Does Going Gay For a Role Make An Actor More Serious?
There's a long standing stigma in Hollywood that the act of "going gay" for a film can solidify someone as an actor and have them be taken seriously during casting. The strange thing is that for the most part, that's true.
Taking a gay role early in an actor's career is one of the longstanding traditions of Hollywood and it shows no signs of stopping. Many big name actors take a role portraying "gays" prior to receiving a big break in a major motion picture. Don't believe me? Tom Hanks' first Oscar winning performance was in Philadelphia. His next was Forrest Gump a year later.
Jake Gyllenhaal and the late Heath Ledger both earned Oscar nominations for their respective roles in Brokeback Mountain, before Ledger went from being the guy in A Knight's Tale to the Joker. Cillian Murphy starred opposite of Liam Neeson in Breakfast on Pluto as a transgender youth before he landed a leading role in Inception. Matt Damon starred as an obsessive homosexual man in The Talented Mr. Ripley a year before landing in the star studded vehicle Ocean's 11, and later the Bourne Identity. Leonardo DiCaprio starred in Total Eclipse before landing roles in Romeo+Juliet and more importantly Titanic.
Greg Kinnear's first major role as a gay man in As Good As It Gets landed him an Oscar Nomination. Hilary Swank took home the gold statue for her role as a transgender in Boys Don't Cry. The list goes on: Charlize Theron for Monster, Sean Penn in Milk, Colin Firth in A Single Man, Philip Seymour Hoffman in Capote, and William Hurt in Kiss of the Spider Woman.
The list of Oscar winners and nominations for the act of portraying homosexuality is extensive and impressive. However, going gay is often more than just simply creating Oscar bait. It often has an invigorating impact on an actor's career. Who knows if Gyllenhaal, Damon, or DiCaprio would still be household names, or one hit wonders, if it wasn't for their respective "gay" turns. Both Damon and Michael Douglas may be trying to use this career tactic in the upcoming feature on the life of notoriously gay entertainer, Liberace to try an reinvigorate seemingly stagnate careers (Damon hasn't had a hit film since True Grit in 2010, and Michael Douglas hasn't had a hit since Wall Street: Money Never Sleeps).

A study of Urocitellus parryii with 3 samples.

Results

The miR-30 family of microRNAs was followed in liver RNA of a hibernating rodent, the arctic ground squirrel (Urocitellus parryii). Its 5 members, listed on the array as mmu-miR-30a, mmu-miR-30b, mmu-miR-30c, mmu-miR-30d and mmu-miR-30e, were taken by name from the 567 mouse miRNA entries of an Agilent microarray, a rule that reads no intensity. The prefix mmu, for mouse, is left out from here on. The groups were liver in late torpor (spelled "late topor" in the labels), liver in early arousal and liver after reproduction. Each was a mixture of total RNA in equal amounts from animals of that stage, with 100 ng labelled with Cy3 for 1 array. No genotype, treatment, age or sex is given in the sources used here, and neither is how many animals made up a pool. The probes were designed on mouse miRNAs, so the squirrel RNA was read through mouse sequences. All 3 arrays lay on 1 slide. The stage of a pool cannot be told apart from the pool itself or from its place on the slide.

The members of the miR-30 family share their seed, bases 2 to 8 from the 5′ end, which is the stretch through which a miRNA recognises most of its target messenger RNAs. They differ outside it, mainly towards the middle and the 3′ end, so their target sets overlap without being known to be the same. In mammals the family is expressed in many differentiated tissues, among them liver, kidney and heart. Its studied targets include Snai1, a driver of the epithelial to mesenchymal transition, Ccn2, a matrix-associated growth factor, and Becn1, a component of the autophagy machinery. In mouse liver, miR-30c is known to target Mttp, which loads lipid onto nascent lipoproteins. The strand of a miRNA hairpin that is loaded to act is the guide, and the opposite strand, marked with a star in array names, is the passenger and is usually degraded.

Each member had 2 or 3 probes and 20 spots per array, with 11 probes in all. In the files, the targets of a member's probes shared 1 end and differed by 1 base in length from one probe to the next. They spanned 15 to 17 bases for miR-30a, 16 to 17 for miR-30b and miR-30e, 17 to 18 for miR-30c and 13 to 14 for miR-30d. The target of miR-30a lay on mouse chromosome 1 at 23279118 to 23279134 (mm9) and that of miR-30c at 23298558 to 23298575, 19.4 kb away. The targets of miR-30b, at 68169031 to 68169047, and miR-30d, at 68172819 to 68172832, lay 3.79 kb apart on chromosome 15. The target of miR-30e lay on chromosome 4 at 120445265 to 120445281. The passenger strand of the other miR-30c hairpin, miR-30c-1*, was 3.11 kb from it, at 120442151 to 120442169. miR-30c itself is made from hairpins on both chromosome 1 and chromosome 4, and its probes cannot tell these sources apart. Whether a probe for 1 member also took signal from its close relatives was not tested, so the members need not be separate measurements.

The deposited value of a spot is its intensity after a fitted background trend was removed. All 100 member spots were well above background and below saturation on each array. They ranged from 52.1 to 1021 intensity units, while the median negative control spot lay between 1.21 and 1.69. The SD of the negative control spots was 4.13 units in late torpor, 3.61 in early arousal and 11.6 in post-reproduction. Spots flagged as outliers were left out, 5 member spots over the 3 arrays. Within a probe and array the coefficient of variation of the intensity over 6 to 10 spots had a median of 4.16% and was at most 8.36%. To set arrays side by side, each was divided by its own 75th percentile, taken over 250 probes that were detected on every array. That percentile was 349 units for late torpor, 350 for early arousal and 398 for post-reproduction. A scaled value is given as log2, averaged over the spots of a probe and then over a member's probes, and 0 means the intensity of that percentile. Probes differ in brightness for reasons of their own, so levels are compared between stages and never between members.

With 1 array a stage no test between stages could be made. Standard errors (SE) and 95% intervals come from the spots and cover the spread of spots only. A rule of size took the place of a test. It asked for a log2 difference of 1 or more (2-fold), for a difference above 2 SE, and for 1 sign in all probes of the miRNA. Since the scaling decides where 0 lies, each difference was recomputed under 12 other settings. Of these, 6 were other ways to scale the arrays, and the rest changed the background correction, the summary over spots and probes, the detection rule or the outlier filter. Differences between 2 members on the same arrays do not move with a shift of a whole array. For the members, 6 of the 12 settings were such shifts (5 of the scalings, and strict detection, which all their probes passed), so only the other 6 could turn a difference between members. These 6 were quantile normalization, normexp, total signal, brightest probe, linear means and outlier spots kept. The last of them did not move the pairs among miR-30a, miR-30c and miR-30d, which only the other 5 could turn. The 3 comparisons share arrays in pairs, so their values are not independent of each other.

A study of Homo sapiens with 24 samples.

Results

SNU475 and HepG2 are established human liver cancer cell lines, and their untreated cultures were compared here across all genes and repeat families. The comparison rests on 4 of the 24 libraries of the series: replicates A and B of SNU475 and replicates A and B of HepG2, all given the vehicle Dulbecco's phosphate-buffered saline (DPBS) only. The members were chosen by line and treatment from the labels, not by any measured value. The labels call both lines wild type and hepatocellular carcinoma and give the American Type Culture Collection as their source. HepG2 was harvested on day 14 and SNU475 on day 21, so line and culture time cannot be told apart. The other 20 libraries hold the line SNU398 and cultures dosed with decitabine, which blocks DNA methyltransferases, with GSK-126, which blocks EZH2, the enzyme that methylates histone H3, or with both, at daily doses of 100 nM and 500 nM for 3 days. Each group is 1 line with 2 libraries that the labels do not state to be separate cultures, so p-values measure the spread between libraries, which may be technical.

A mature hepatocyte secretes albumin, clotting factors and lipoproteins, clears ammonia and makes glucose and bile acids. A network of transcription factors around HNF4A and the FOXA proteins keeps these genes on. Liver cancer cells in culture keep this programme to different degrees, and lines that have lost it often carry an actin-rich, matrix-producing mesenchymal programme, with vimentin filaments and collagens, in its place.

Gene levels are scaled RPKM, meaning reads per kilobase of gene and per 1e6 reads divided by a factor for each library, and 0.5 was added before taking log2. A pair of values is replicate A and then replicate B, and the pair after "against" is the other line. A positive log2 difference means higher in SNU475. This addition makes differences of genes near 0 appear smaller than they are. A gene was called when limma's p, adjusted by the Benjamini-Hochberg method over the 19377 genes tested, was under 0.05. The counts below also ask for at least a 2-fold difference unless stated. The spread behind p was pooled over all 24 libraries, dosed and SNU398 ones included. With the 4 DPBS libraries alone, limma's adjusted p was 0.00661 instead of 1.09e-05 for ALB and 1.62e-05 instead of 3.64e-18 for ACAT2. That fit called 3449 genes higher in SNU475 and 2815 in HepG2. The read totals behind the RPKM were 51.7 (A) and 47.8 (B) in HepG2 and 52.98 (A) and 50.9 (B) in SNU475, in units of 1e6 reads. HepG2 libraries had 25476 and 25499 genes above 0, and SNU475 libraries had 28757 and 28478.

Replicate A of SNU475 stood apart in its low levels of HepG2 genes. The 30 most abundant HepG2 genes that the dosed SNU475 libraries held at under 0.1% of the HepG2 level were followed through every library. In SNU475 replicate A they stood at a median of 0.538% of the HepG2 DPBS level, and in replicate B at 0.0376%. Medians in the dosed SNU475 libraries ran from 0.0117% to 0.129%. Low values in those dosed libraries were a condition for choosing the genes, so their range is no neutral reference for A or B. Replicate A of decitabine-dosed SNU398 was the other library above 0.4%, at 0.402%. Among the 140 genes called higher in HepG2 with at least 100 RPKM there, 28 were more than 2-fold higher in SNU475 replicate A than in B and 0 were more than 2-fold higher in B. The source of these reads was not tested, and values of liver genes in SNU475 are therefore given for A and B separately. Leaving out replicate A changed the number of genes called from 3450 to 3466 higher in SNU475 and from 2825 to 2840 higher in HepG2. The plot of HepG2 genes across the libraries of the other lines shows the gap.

While not taking away from an individual actor's performance in a film as a homosexual character, there is a distinctly strong correlation between critical praise for a performance and homosexual characters. However, why is the transition from "straight roles" to "gay roles" still receiving as much praise as it did 20 years ago? Many LGBT supporters, like myself, would point to the fact that the exposure of homosexuality and other alternative lifestyles to the world at large is helping people accept LGBT rights more and more with every film, and because of their work in helping gay rights the actors should be rewarded for their efforts.
The problem with that theory is that many Oscar and Golden Globe winning performances as homosexual characters are not always flattering to the LGBT community. From Theron's portrayal of a serial killer in Monster to Damon's The Talented Mr. Ripley to good ole' Buffalo Bill in Silence of the Lambs, some of the most praised LGBT characters have been horrible representations of the community itself. Many attribute the praise for "gay" performances to be due to the fact that many movies that feature a gay character are very serious and melodramatic.
It isn't that they are being praised for being gay, they are simply being praised for giving a good performance in a drama about a character who happened to be gay. I believe the real reason that the reason that "going gay" still earns huge critical praise after over 40 years of actors doing so, lies somewhere in the murky middle of those theories. The fact that an actor is willing to "go gay" shows a true dedication to the craft of acting and a commitment to the role that is hard to sustain with a traditional "straight" character. There is no public backlash for Sylvester Stallone whenever he wants to make a new Rambo or Expendables movie,and no one will cry foul at the next Hunger Games movie. Why? Because violence is far more socially acceptable than homosexuality in American culture (and most of the world for that matter). Actors themselves have been protested for their turns as gay in films, and it can be a potential career ender, so by "going gay" an actor is making a clear choice to push the envelope, even just a little bit. In a world where sexual orientation can be the only thing being reported about some actors (sorry Tom Cruise, and John Travolta) many actors are not willing to take the risk that by taking a gay role they may inadvertently "out" themselves accidentally.
Until a day comes when being gay is seen the same way as being straight, the portrayal of gay characters will continue to win critical acclaim and reinvigorate dying careers for the simple fact that every time an actor chooses to portray an "alternative lifestyle" they are choosing to branch out in an area that is, to some, "controversial" and by pushing the envelope they are proving themselves to be serious about acting and proud of their own work, regardless about how others may feel about the subject.